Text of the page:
Donald Martin Carter wrote Navigating The African Diaspora: The Anthropology of Invisibility, published in 2010, and States of Grace: Senegalese in Italy and the New European Immigration, published in 1997. His research interests include culture theory, racial formation, visual culture, diaspora, invisibility and transnational cultural politics. Carter, who came to Hamilton from the Department of Anthropology at Johns Hopkins University, received a doctorate from the University of Chicago.
Shelley Haley is an expert on Cleopatra and has discussed the subject on BBC and The Learning Channel programs. Haley was a distinguished visiting scholar at Washington University-St. Louis and participated in the Oxford Round Table. She has lectured widely on increasing the representation of students of color in Latin, ancient Greek and classics classrooms – and on her research about the role of a classical education in the lives and careers of 19th-century college-educated black women. She was chief reader for the AP Latin Exam and was appointed chair of the exam Development Committee.
Heather Merrill came to Hamilton College from Dickinson College, where she taught and was executive director of the Clarke Forum for Contemporary Issues. Merrill completed her doctoral work in human geography at the University of California, Berkeley. Her research examines place, race, identity and the social transformation of Europe in relation to the African Diaspora. She is a critical human geographer whose theoretical work is grounded in ethnography of African Diaspora in Italy. Merrill is currently completing a book on anti-blackness and Blackness in Italy and the emergence of Black Spaces. Her book publications are Spaces of Danger: Culture and Power in the Everyday (co-edited), 2015; and An Alliance of Women: Immigration and the Politics of Race.
Angel David Nieves codirects Hamilton's Digital Humanities Initiative. He completed his doctoral work in architectural history and Africana studies at Cornell University. Nieves coedited the book, ‘We Shall Independent Be:’ African American Place-Making and the Struggle to Claim Space in the U.S., and is associate editor of Fire!!!: A Multimedia Journal of Black Studies, among other work. MSNBC.com and Newsweek have featured his digital research and scholarship. Nieves’ scholarly work and community-based activism engages with issues of memory, heritage preservation, gender and nationalism at the intersections of race and the built environment in cities across the Global South.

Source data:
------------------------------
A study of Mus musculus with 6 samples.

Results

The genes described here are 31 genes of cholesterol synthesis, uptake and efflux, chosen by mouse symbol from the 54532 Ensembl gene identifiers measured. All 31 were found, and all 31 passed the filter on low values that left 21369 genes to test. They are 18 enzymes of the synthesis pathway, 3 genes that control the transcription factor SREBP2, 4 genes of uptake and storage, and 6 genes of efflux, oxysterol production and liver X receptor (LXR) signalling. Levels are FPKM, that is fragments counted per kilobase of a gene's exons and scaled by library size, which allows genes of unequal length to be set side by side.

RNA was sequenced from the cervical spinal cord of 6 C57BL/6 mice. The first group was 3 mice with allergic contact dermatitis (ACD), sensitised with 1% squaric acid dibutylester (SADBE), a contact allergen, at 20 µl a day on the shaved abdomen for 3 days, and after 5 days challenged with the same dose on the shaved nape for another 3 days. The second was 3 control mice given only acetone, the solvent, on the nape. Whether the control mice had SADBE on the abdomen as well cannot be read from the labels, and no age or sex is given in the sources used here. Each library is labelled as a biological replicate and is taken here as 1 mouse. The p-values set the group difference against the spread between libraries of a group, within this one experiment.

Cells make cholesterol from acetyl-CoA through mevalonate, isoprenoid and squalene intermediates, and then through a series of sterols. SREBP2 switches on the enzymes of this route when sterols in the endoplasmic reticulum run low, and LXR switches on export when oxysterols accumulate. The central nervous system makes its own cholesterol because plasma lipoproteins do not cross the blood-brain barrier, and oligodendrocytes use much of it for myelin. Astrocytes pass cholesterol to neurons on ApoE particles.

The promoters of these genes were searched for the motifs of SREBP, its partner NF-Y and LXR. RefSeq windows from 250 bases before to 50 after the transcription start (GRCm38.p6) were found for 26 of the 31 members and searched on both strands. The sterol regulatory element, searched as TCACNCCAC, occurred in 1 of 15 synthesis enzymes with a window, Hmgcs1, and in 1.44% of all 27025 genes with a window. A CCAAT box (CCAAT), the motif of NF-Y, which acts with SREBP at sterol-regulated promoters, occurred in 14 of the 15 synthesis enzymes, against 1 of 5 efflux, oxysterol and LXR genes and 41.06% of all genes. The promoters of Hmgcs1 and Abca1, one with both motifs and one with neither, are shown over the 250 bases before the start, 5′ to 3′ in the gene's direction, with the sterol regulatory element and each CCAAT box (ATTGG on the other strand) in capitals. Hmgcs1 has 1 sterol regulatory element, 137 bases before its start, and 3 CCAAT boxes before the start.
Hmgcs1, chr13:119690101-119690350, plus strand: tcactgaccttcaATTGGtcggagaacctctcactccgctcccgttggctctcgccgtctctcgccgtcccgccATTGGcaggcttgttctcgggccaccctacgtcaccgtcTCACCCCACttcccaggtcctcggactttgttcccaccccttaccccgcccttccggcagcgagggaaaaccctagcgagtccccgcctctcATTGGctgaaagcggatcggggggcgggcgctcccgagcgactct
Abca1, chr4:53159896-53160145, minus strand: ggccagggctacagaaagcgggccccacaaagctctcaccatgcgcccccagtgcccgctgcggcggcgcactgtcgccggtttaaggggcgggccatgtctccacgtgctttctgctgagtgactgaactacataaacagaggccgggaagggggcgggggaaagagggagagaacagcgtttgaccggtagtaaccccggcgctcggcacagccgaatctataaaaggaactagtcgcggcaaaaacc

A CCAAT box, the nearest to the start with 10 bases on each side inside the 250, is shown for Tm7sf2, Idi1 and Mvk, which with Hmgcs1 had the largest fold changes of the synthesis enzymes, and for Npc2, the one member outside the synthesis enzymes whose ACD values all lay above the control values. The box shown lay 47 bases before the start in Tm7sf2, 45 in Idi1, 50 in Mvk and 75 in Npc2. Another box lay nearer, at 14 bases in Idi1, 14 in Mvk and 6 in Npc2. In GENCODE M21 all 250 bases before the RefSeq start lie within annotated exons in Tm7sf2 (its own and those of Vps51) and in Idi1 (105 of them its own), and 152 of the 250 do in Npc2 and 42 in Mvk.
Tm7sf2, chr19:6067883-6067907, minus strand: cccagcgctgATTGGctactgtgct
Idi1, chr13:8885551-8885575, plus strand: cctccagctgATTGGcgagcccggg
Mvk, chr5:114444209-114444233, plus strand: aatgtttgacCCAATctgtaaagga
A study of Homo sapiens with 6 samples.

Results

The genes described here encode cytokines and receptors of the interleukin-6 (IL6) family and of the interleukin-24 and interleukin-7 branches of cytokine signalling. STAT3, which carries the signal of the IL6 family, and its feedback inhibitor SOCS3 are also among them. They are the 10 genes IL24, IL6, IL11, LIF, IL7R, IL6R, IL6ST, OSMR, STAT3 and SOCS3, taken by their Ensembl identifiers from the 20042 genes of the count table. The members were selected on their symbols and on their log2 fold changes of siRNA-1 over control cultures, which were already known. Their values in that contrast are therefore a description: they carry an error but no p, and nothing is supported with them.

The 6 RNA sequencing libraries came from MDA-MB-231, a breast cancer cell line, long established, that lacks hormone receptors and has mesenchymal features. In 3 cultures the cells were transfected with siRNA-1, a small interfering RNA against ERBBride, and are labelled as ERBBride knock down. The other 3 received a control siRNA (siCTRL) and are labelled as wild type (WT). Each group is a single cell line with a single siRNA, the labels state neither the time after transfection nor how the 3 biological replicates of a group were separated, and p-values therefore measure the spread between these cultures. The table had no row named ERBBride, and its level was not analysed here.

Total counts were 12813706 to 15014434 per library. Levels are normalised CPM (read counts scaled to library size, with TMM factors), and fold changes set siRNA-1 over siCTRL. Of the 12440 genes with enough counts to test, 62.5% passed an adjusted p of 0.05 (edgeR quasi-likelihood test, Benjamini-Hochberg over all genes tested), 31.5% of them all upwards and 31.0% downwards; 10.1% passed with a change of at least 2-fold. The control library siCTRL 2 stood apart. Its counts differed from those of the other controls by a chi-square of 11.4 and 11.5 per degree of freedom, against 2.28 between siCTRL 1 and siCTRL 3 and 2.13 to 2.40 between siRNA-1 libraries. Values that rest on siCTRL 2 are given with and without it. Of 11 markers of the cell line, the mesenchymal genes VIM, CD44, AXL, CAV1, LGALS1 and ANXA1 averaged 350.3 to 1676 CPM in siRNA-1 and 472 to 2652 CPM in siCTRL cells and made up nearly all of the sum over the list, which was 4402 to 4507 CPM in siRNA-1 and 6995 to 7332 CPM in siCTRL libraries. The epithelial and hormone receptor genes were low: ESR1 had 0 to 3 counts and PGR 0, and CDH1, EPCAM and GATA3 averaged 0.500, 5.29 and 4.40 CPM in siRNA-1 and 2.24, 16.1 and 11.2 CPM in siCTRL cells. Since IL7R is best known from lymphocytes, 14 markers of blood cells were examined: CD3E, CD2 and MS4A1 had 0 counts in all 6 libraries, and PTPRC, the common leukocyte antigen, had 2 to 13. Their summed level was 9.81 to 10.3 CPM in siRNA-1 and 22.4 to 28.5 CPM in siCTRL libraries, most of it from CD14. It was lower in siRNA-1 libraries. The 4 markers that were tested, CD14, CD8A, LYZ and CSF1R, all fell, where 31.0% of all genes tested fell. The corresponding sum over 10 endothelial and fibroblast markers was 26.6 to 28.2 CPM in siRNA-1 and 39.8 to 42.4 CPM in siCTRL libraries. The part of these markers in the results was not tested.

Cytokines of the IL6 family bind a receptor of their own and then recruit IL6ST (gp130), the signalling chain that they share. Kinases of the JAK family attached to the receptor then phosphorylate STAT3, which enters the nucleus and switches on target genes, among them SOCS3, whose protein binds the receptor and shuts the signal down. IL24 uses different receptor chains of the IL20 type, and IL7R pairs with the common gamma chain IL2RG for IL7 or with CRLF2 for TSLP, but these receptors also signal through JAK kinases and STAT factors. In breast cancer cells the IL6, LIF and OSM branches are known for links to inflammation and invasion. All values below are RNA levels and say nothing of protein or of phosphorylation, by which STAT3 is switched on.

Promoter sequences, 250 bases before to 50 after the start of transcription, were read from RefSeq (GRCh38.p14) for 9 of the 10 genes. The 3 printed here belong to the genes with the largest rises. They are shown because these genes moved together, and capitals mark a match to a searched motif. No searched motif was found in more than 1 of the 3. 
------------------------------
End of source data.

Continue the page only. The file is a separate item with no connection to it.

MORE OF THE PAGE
Some of Reynaldo Ortiz-Minaya's research focuses on world-historical structures of slave systems. His work examines the production of control and spaces of confinement in the Spanish Caribbean during the mid-18th to late-19th century. He also analyzes the institutional parallels and continuities between social-regulatory processes of enslavement and penal confinement and how such interplay is revealed within the built-environment of the Spanish empire. His forthcoming book manuscript is titled From Plantation to Prison: Visual Economies of Slave Resistance, Criminal Justice, and Penal Exile in the Spanish Caribbean, 1820-1886. His other teaching interests include the prison industrial complex, global flows of capital and “gang formation” within U.S. society. Ortiz-Minaya received his bachelor’s degree in sociology from Drew University, and his master’s degree and doctorate from the State University of New York at Binghamton.
Nigel Westmaas earned his Ph.D. from SUNY Binghamton. He has published articles in numerous periodicals, including the Stabroek News, a Guyanese newspaper. Westmaas is co-editor of a UNESCO assisted booklet on a directory of Guyanese periodicals. His research for and contributing co-written article to the Marcus Garvey Universal Negro Improvement Association Papers Caribbean series project was published by the University of California Press. He also published a chapter in Black Power in the Post-Independence Anglophone Caribbean (University Press of Florida, 2014). Other research interests include the history of the newspaper press, pan-Africanism and the rise and impact of political and social movements, mainly in the Anglophone Caribbean.